Off the Press
January 17, 2012
By Warren Kagarise
Lessons learned in fire and ice
Journalism often requires reporters to meet people under undesirable circumstances — behind police tape or against a flickering backdrop of emergency lights.
Under such circumstances, we strive for compassion, but sometimes, we forget about the people on the other side of the notebook amid the clamor to chase down a story or ferret out some key detail.
I experienced a story on the other side of the notebook early Jan. 16 and, hopefully, came away a little more enlightened and understanding.
Just before 4 a.m., a neighbor pounded on the door to my apartment in Seattle’s Queen Anne neighborhood.
“Get out! There’s a fire!” he yelled, and then headed down the corridor to warn sleeping occupants in other apartments.
I sat up in bed and switched on the nightstand lamp, still confused and more than a little skeptical. Then, commotion in the hallway outside confirmed I needed to get outside — and fast.
I slipped a coat on top of the T-shirt and flimsy pants I wear as pajamas, then started to search for slippers before I realized I needed something more durable to stand up to the ice and snow on the ground outside. In the next instant, I stuck a cap on my head, grabbed my keys, phone and wallet and lurched into the hallway.
“Is this real?” I asked a next-door neighbor shuffling to the exit.
“It smells real,” he replied, as smoke started to waft into the corridor from a fire on the floor above.
Outside, neighbors in assorted combinations of sleepwear and winter gear crunched through the snow. Some clutched cats in carriers and dogs on leashes. I wondered if I should have grabbed my iPad on the way out.
Together, the crowd trundled around the corner to the building’s facade. Flames surged from a blown-out window on the second floor. Smoke hung heavy in the 30-degree air.
Belatedly, I started to consider the possibility of the fire spreading to consume the entire building.
The building sits at the top of Queen Anne Hill. Snowfall from the previous day left the streets slick and treacherous.
“What if the fire trucks can’t make it up the Counterbalance due to the ice?” I wondered, moments before Seattle Fire Department trucks screamed down the street. (Steep Queen Anne Avenue is also called the Counterbalance.)
Then, as my neighbors and I clustered on a corner across from the building, firefighters headed inside to search for trapped residents and to extinguish the blaze. TV reporters followed soon after.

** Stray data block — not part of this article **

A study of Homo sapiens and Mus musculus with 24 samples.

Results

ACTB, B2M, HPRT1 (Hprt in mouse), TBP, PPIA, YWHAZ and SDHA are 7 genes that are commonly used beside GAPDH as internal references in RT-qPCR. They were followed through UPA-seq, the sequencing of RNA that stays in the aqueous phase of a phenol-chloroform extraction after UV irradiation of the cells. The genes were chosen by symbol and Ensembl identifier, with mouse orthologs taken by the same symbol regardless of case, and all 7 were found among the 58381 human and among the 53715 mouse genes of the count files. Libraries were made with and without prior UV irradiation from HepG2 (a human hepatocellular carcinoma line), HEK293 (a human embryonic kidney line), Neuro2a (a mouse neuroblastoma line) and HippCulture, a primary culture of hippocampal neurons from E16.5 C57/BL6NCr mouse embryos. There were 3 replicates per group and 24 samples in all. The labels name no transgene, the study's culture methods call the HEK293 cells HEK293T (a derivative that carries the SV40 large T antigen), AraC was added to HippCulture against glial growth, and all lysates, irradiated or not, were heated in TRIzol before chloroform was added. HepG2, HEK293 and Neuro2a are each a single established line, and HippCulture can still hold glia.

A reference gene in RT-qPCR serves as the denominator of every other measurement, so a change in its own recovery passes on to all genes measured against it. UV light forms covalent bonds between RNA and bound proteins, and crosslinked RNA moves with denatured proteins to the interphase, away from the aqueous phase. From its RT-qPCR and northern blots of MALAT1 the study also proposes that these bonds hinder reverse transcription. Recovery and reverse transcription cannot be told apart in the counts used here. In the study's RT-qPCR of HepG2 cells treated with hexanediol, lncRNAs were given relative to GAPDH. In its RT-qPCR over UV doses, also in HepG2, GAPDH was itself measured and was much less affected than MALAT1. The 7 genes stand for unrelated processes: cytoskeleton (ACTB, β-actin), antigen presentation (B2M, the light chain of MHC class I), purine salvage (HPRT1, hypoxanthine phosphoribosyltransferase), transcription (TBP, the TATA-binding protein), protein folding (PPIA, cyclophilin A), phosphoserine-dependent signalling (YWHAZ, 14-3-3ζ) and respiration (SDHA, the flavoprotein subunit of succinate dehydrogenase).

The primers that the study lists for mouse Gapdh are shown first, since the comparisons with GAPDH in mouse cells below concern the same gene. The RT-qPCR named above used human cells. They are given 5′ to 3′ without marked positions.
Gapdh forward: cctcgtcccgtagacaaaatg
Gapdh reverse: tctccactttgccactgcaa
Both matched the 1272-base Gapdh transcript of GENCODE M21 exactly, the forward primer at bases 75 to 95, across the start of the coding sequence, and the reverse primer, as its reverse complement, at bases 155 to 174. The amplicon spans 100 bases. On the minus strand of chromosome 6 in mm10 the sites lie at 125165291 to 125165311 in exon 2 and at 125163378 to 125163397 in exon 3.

I started to notice some similarities present on either side of the notebook, for both journalist and subject. Crises involve a long wait for information. In the meantime, the hems on my pajama pant legs kept freezing to the icy sidewalk.
The firefighters kept us in the loop as much as possible and offered to let us warm up in the fire trucks’ cabs, although for whatever reason — pride, maybe — nobody accepted the invitation. Instead, after about 90 minutes, a King County Metro Transit bus pulled up, and my neighbors and I trundled aboard. Slumped into seats, bleary-eyed and shivering, we waited for coffee shops to open and repeated stories about escaping from the building.
I sat near a neighbor dressed in enough winter gear to put REI to shame. Uncertain about the danger, he said he spent the extra moments putting on proper clothes to protect against the January chill.
Just after 6 a.m., firefighters allowed us to head back inside. The blaze had been contained to a single unit on the opposite side of the building. Mercifully, my apartment had been spared smoke or water damage. But the neighbor in the destroyed apartment had to rely on the American Red Cross for temporary shelter.
During the wait on the bus, I checked out news accounts of the fire on my iPhone. Though the stories had the basic facts correct, details about the building and the number of residents lacked precision.
The incident offered a teachable moment about the gap between the outsider’s perception and the subject’s reality. The fire did not rank as a major story — just a moment on the morning news and a few hundred words in online news outlets — but the experience lingers, just like the smell of smoke in the hallway of my apartment building.